TWO key factors will determine when Plan B measures to control the coronavirus come in, the top Government scientific advisor has said.
Sir Patrick Vallance, who has helped guide ministers over the pandemic, said the UK is facing a “very uncertain time” ahead.
Britain’s Chief Scientific Adviser Sir Patrick Vallance at a virtual coronavirus press conference at Downing Street on July 12[/caption]
“There is considerable uncertainty into which direction this goes,” he said.
“It does indeed depend on the degree of immunity and the amount that is protected by vaccines, and that’s why the booster shots are so important. And it depends on overall behavioral change.”
While the Government is resisting calls to implement Plan B now – relying on Plan A of booster jabs – Sir Patrick warned of acting too late.
He told BBC Radio 4’s Today programme: “You have to absolutely be prepared (for plan B) and as soon as you start thinking ‘am I, or am I not going to do this? It looks close’ is the time you need to push beyond your natural reluctance to do it and push to do it.
“This is obviously something the government will have to consider carefully but we need to be ready to move fast if that occurs.”
Asked what factors he would be keeping a close eye on, Sir Vallance said: “In terms of cases, the best indication is the ONS study which is an unbiased sample. That has fewer biases than the testing data.
“And in terms of consequences, hospitalisation, the rates of people going into hospital are a critical indicator. But they are a lagging indicator, so you need to bear that in mind.”
The ONS (Office for National Statistics) survey revealed on Friday that one in 55 people in England were currently infected with the virus.
The Government testing data does not show the same pattern; there are around 46,000 cases per day compared to the January peak of 61,200.
But in the current wave, vaccines are preventing the majority of severe disease – evident in the hospital and death data.
Hospital admissions have remained relatively flat since August; around 1,000 people are admitted every day.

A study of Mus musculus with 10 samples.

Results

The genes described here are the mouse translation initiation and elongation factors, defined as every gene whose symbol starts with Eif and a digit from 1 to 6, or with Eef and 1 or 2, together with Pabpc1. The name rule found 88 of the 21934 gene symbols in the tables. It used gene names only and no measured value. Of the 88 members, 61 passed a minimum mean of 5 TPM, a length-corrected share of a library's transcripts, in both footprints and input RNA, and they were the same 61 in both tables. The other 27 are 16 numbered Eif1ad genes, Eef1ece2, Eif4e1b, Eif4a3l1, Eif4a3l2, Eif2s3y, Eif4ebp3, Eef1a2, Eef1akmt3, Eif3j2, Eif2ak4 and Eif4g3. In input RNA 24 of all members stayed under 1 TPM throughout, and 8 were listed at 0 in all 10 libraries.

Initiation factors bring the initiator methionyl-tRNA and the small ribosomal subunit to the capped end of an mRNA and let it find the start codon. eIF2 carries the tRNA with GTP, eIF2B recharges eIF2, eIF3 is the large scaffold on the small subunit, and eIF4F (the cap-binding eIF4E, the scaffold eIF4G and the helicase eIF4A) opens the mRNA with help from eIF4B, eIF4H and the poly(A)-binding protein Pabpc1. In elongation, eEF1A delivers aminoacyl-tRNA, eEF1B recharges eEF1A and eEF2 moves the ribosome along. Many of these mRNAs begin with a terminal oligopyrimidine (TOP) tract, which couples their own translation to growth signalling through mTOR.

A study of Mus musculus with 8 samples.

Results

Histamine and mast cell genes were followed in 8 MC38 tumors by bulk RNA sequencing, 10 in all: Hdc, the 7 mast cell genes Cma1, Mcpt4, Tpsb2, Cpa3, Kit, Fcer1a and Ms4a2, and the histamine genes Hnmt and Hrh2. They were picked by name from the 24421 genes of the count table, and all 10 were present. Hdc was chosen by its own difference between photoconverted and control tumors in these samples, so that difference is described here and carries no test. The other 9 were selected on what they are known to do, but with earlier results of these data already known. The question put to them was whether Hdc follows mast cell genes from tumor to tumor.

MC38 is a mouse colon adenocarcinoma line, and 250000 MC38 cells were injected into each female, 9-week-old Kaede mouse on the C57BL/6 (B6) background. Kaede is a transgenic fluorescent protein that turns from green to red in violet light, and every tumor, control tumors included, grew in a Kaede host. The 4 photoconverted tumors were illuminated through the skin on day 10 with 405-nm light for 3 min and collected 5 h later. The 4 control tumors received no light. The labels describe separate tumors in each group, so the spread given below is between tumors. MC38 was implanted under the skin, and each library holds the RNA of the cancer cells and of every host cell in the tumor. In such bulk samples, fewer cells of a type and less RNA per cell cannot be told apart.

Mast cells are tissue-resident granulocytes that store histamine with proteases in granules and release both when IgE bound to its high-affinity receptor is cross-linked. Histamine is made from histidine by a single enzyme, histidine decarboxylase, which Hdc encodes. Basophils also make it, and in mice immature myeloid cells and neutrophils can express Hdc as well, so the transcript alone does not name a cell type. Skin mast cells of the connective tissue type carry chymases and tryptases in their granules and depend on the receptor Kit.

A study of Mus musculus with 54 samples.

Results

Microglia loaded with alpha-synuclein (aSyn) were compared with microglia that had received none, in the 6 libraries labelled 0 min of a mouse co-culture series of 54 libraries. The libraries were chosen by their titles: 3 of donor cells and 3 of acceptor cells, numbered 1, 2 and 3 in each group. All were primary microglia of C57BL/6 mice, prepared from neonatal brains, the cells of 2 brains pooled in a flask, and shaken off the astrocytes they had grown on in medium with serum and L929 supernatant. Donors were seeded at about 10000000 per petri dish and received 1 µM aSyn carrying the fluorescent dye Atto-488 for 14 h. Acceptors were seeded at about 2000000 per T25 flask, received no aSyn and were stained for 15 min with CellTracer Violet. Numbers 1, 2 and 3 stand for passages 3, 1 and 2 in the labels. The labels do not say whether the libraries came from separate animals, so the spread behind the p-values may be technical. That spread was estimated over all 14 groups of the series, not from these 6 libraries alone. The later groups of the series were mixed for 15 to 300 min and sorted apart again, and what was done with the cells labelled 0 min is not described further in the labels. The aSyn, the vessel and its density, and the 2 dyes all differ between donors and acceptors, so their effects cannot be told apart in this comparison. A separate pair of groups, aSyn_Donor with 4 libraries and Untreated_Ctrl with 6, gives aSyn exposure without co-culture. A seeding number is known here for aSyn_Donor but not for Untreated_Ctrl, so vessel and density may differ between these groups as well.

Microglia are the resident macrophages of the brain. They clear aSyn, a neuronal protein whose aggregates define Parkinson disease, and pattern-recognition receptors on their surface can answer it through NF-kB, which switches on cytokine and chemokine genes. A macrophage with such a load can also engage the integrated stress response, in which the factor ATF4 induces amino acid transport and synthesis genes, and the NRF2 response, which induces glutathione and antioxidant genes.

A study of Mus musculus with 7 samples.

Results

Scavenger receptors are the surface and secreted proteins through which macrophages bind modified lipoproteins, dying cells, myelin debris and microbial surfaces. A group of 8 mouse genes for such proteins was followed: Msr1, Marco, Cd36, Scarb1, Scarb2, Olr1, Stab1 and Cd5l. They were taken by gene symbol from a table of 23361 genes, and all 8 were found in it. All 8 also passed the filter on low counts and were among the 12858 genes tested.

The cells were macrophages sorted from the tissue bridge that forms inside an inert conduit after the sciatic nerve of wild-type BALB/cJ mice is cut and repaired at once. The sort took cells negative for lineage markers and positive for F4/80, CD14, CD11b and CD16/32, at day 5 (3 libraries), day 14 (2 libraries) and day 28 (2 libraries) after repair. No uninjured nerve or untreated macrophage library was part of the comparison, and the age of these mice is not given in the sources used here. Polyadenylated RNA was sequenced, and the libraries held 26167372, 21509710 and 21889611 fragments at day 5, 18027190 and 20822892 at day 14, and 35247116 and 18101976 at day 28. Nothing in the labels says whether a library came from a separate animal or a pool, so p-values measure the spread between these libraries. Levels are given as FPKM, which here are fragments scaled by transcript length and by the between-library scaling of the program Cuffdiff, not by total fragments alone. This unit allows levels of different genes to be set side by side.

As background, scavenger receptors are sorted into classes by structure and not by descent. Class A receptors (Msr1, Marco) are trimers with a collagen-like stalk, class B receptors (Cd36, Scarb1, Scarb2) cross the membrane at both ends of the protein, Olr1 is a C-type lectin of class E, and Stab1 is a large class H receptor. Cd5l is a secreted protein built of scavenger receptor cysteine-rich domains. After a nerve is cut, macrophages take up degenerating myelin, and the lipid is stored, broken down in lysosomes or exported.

However, admissions over the last week are 14 per cent higher than the previous week.
Weekly deaths are also up by 5.9 per cent on the week before (1,010). Around 200 people are dying of Covid every day.
The Government has said it’s looking at a range of factors to determine whether Plan B – which involves mandatory face coverings – is needed.
It said extra measures will not be used unless the NHS is under “significant pressure” across the board – in hospitals, primary care, A&E and ambulances.
Health Secretary Sajid Javid has said “we don’t believe [pressures] are unsustainable”.
Peter Sivey, Reader in Health Economics, Centre for Health Economics, University of York, says Plan B measures seem “inevitable” unless “progress can be made on reducing cases in older age groups”.
He wrote in The Conversation: “The number of Covid patients in hospital in England reached 6,801 on October 25, the highest figure since mid-March.
“It’s worth noting that a year ago in October 2020, the government called a national lockdown when hospital occupancy reached approximately 10,000.”
Sage – the scientific advisory board to the Government, chaired by Sir Patrick – suggests a winter epidemic could be stemmed if booster jab uptake is high, and pre-pandemic behaviour returns slowly.
Modelling published on Friday shows a wave being pushed back to the spring of 2022.